Every year, on November 1st and 2nd, Mexico comes alive with vibrant colors, intricate altars, delicious foods, and a poignant recognition of those who have passed. This is Mexico’s Day of the Dead, a unique and fascinating celebration that honors and remembers departed loved ones.
While this cherished tradition is observed throughout Mexico, there’s something truly special about experiencing the Day of the Dead in Mazatlán.
The Day of the Dead, or “Día de los Muertos” in Spanish, is a cherished Mexican tradition celebrated every November. Dating back over 3,000 years, it blends ancient indigenous beliefs with Catholicism that was introduced in the 16th century, creating a colorful, one-of-a-kind holiday.
Across Mexico, the Day of the Dead is marked with grave cleaning, colorful decorations, and parades. It’s a time to remember and celebrate loved ones who have passed away, embracing the cycle of life and death.
Families honor their relatives by creating ofrendas, altars adorned with photographs, favorite foods, marigold flowers, and symbolic items like sugar skulls. Calaveras, the popular playful skulls, are a symbol of the holiday. To those outside of Mexico, Day of the Dead is often a misunderstood holiday confused with its proximity to Halloween, but its popularity has grown due to its pop culture presence in films like “Coco” and the James Bond movie “Spectre.”
Mazatlán’s Unique Day of the Dead Celebrations
Plaza Machado: The Heart of the Celebration
Plaza Machado, nestled in the heart of Mazatlán’s Historic District, serves as the center of Day of the Dead festivities. Every year, the plaza transforms into a fascinating spectacle, filled with decorations that align with the chosen theme of the year. For 2023, the theme is “Leyendas del Arte” or “Art Legends,” paying homage to influential artists from Mazatlán, such as Antonio López Sáenz.
On November 1st, the Ministry of Culture, Tourism, and Art pays tribute to local artists in a grand fashion. Guided tours take visitors through the Municipal Arts Center and the Ángela Peralta Theater, both decorated with artistic installations, photo galleries, dance performances, literature readings, and more – all showcasing the works of Mazatlán’s talented artists.
Altars of Remembrance
Throughout Mazatlán, you’ll discover traditionally decorated altars honoring the departed. These altars can be found in various locations, including the Museum of Arts, La Casa de Caracol Bookstore, Mazatlan Film & Theatre, CICMA (Mazatlán Innovation Cultural Center), Casa de Leyendas, La Molcajeteria Restaurant, and Pedro and Lola Restaurant. Visiting these altars is a profound experience that allows you to connect with the culture and traditions of Mazatlán.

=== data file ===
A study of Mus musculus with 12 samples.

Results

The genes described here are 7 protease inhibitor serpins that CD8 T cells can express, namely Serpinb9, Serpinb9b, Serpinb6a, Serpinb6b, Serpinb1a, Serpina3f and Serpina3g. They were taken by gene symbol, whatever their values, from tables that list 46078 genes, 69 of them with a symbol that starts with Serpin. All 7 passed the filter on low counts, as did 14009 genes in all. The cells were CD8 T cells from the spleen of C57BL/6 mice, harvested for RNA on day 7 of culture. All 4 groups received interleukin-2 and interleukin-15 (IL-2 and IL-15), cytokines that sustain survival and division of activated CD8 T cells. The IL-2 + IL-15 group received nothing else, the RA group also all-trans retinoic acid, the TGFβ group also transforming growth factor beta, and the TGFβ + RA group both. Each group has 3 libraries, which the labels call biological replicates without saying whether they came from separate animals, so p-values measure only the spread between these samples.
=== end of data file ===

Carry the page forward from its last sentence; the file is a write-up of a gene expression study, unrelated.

The Grand Parade: Callejoneada
The highlight of the Day of the Dead celebrations in Mazatlán is the spectacular Callejoneada, a vibrant parade that takes place on November 1st. Imagine a procession of colorful floats, mesmerizing dancers, dazzling fireworks, traditional music, and Mexican symbolism that fills the streets of the Historic District. It’s a sight you surely will never forget.
Participation and Welcoming Spirit
Mazatlán’s locals warmly welcome tourists to share in the celebration. You’ll find that the people of Mazatlán are eager to explain the significance behind their carefully crafted altars, often toasting in honor of their ancestors with travelers. It’s a unique opportunity to engage with the local culture and learn about the deep-rooted traditions of the Day of the Dead.
Experiencing Mazatlán’s Day of the Dead
Savor the Flavors of the Season
Indulge in the seasonal delights of Pan de Muerto, a sweet bread shaped like a circle with a small skull on top. Pair it with a delicious cup of chocolate milk for the ultimate taste of tradition. Visit local cafeterias like Caferium, Via Condotti, Panamá, La Oliva, or Totem to enjoy these treats.
Explore the Historic Center Early
The weeks leading up to the Day of the Dead are the perfect time to explore the Historic Center of Mazatlán. Plaza Machado itself is a sight to behold, adorned with Day of the Dead decorations that create a magical atmosphere.
Choose the Perfect Accommodation
Selecting the right place to stay can enhance your Day of the Dead experience. Consider options like Hotel Freeman, Hotel La Siesta, Casa Lucila, or Casa Lulú to immerse yourself in the local culture and history.
Savor Local Cuisine
Don’t miss the opportunity to savor Mazatlán’s culinary scene. Restaurants like Pedro y Lola, Hector’s Bistro, Presidio, and Casa 46 offer a taste of authentic Mexican cuisine that will delight your taste buds.
Celebrate Día de los Muertos in Mazatlán
Mazatlán’s Day of the Dead celebrations are a unique blend of tradition, art, culture, and warm hospitality. It’s a time when the veil between the living and the deceased becomes thin, and the memories of loved ones come alive through colorful altars, heartfelt tributes, and joyous celebrations. So, mark your calendar for November 1st and 2nd, and immerse yourself in this captivating Mexican tradition in the enchanting city of Mazatlán. It’s an experience you’ll cherish forever.
This article originally appeared on Wander With Alex. Featured Photo Credit: Mazatlán’s Municipal Institute of Culture, Tourism and Art
Nic DeAngio is a freelance writer from Richmond, VA. He has traveled throughout the United States and Europe and always has his next trip in mind – and an ever-expanding bucket list of destinations to visit. Nic loves trying local cuisine, photographing exotic locations, and wandering foreign cities to find hole-in-the-wall gems others may overlook.